Pacific Fleet Sailor Of The Year
Chief (select) Hospital Corpsman Corey Smith
When Hurricane Katrina struck his New Orleans home, it left Corey Smith jobless and homeless. It was 2006 and he was sleeping on couches with no idea of what to do next. The flood had taken his neighborhood and his livelihood. So Smith made the decision to sail that flood right into a Navy recruiting station.
Smith went to corpsman "A" school and then to San Diego for lab technician school. From there he transferred to Pensacola, Florida. While at Naval Hospital Pensacola, Smith deployed to Guantanamo Bay, Cuba, with joint task force detainee operations and then back to NHP. Smith is currently a hospital corpsman first class on USS Essex and the Pacific Fleet Sailor of the Year.
"It feels amazing, it's humbling, and such an honor to be selected," said Smith. "The journey to become one of the Sailors of the Year has been a once-in-a-lifetime experience. The people I have had the opportunity to meet over the past six months have motivated, mentored, and inspired me to work even harder. I still don't think it has set in yet."
Smith started by being selected as Sailor of the Quarter and then Sailor of the Year aboard Essex. The next board took him to the ship's amphibious group and then from there up to Expeditionary Strike Group 3. Naval Surface Forces Pacific held boards over the course of a week in San Diego, and from there Smith went to Hawaii for the Pacific Fleet Sea Sailor of the Year board.
"Nothing I've ever done was done for the purposes of getting recognition," said Smith. "I just wanted to represent the people that have invested in me over the years, and that is my family, as well as my Essex family and everyone that has taken time to show me things and teach me over my career. This selection has been a complete shock."
The time frame covered work ups for an upcoming Western Pacific deployment. So for Smith, Sailor of the Year was the last thing on his mind, he said. His focus was on coming to work and making sure his department was ready for anything that could come up, and also keeping his Sailors motivated and prepared for the challenges ahead.
"I have always been of the mindset that if you take care of the people around you the results will speak for themselves," said Smith.
And they have.
"If you want to emulate what I have done, put your Sailors first, don't do your job chasing a good evaluation or promotion to the next pay grade," said Smith. "Understand that you are part of a team and will only be successful when you work together."
Smith credits his chain of command and leaders in his past with being there for him every step of the process, helping him prepare, and offering upfront and honest feedback.
"Throughout the process I was reaching back to people from my past commands, my old chiefs and people that really helped me along the way," said Smith. "I reached out and just told them thank you for their guidance and I let them know that I wouldn't have been able to do any of this without them. The conversations that stemmed from that were amazing, emotional, and really renewed my commitment to the Navy. I was proud for my ship, and so happy I was able to represent them and the hard work that we did over the course of the last year."
Although the boards were by far the most challenging part of the process for Smith, it is a journey he wishes every Sailor could experience.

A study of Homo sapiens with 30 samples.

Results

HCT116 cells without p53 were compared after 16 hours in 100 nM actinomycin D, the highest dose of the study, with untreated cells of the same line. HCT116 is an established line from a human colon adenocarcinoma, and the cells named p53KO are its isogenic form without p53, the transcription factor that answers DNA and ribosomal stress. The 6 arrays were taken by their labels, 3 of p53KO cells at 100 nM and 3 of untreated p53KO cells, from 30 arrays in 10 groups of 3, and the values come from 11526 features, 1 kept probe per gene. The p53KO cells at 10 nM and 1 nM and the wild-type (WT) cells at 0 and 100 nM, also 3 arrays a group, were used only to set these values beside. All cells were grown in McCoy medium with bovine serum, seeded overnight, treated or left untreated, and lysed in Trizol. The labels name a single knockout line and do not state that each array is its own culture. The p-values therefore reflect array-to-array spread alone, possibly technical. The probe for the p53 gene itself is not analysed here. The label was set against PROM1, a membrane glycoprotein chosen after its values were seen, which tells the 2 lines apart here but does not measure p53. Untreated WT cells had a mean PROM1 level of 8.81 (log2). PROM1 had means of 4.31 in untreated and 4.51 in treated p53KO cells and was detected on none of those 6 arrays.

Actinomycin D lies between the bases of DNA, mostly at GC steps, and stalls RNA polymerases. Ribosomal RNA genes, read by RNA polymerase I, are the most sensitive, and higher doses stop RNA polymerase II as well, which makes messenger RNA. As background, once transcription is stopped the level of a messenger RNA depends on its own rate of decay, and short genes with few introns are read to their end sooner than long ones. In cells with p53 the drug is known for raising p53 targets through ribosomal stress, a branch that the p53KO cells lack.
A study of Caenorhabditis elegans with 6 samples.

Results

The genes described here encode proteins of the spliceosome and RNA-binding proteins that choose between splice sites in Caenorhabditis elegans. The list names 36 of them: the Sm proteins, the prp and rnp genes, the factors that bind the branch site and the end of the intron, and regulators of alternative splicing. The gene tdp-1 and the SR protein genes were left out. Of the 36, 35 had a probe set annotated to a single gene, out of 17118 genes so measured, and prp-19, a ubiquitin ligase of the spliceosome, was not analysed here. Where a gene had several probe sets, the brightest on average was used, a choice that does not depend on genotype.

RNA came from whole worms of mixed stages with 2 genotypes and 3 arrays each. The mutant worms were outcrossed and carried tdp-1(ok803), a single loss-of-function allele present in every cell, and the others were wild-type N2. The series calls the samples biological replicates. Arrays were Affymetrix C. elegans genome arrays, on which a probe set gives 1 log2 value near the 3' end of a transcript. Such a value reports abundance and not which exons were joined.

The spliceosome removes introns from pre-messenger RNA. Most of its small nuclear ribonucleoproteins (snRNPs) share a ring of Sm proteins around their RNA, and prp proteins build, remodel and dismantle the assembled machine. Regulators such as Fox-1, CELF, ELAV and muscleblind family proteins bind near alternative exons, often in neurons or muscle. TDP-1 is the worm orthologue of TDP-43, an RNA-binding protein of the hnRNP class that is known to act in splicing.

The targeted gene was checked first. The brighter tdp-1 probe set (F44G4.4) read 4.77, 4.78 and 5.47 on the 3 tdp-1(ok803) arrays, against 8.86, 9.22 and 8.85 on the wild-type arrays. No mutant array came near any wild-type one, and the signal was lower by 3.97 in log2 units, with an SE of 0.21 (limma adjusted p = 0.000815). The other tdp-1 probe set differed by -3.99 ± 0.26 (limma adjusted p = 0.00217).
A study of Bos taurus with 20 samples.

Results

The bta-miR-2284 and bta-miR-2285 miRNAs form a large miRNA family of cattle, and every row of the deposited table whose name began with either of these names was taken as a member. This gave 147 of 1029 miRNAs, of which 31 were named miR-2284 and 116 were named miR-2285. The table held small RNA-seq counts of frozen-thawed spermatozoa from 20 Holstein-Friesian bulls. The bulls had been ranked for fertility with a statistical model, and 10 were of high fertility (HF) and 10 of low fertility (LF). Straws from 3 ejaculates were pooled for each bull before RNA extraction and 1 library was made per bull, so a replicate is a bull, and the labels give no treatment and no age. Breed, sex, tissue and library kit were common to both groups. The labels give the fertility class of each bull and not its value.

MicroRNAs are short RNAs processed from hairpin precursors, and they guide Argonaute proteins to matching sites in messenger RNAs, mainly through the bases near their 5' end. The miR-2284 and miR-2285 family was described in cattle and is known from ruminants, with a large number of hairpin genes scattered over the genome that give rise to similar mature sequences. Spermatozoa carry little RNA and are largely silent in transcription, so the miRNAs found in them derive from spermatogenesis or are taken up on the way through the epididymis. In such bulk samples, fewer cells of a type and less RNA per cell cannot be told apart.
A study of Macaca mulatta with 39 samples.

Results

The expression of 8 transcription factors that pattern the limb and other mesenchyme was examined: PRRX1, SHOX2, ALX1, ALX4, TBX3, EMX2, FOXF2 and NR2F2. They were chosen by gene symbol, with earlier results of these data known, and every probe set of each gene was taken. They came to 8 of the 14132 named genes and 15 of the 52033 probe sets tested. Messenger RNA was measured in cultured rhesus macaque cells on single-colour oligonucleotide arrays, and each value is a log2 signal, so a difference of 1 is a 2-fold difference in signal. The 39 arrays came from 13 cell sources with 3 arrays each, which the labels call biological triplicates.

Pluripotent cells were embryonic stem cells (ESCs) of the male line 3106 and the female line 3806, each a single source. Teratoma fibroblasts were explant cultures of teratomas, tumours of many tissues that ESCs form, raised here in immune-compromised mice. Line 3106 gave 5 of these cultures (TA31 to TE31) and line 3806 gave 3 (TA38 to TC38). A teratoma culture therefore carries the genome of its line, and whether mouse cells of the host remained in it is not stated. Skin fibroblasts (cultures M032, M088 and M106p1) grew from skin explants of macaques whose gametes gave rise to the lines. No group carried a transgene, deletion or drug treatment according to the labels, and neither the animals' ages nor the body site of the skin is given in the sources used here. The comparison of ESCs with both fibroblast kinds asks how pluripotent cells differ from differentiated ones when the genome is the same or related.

"I wish every Sailor could go through the process and see exactly how much the senior leadership of the Navy cares about Sailors and their families," said Smith. "This process has been challenging and humbling. I am truly honored to represent the 154,000 Sailors in the Pacific Fleet at this level. I've been trying to share as much as I can about the process so we all have a better understanding of how it works."
Smith knows that right after all of the accolades, it is right back to work. And that makes him happy.
"By nature I am a loyal person," said Smith. "I am motivated by the work we do as the greatest Navy in the world. The Navy took a chance on me when I was homeless and jobless. The Navy has helped me be able to have a family and provide for them. I get to work with the sharpest and hardest working group of people that volunteered to serve each other and their country every day. The work we do keeps our country and families safe, and if that doesn't motivate you, I don't know what will."
What Helped Him Get Selected
*Took critical lead during five medical emergencies providing life-sustaining care
*Command Blue Jacket of the Quarter and Junior Sailor of the Quarter coordinator
*Mentored 35 Sailors in board preparation
*Authored six Sailor of the Quarter packages and three Sailor of the Year packages, resulting in five Sailors of the Quarter
*Leadership resulted in nine advancements, five Sailors of the week, 14 warfare qualifications, and seven USMAP completions
*Career Counselor and Assistant ESWS program coordinator
The other thing that motivates Smith each day is his family.
"I thank my wife and kids as often as I can, because they are the ones serving right along with me," said Smith. "The time you devote to work many instances is time away from your family. My wife, Holly, is an absolute rock star. We have two kids, Haley and Taylor, and she does such an amazing job with them. We have been geographic bachelors and apart for long periods of times and she did our cross-country move to San Diego. I am proud to be selected for this honor to in some way let her and the kids know that their sacrifices paid off."
Smith may have sailed into the Navy on the tail end of a hurricane ... but he has finally found his anchor.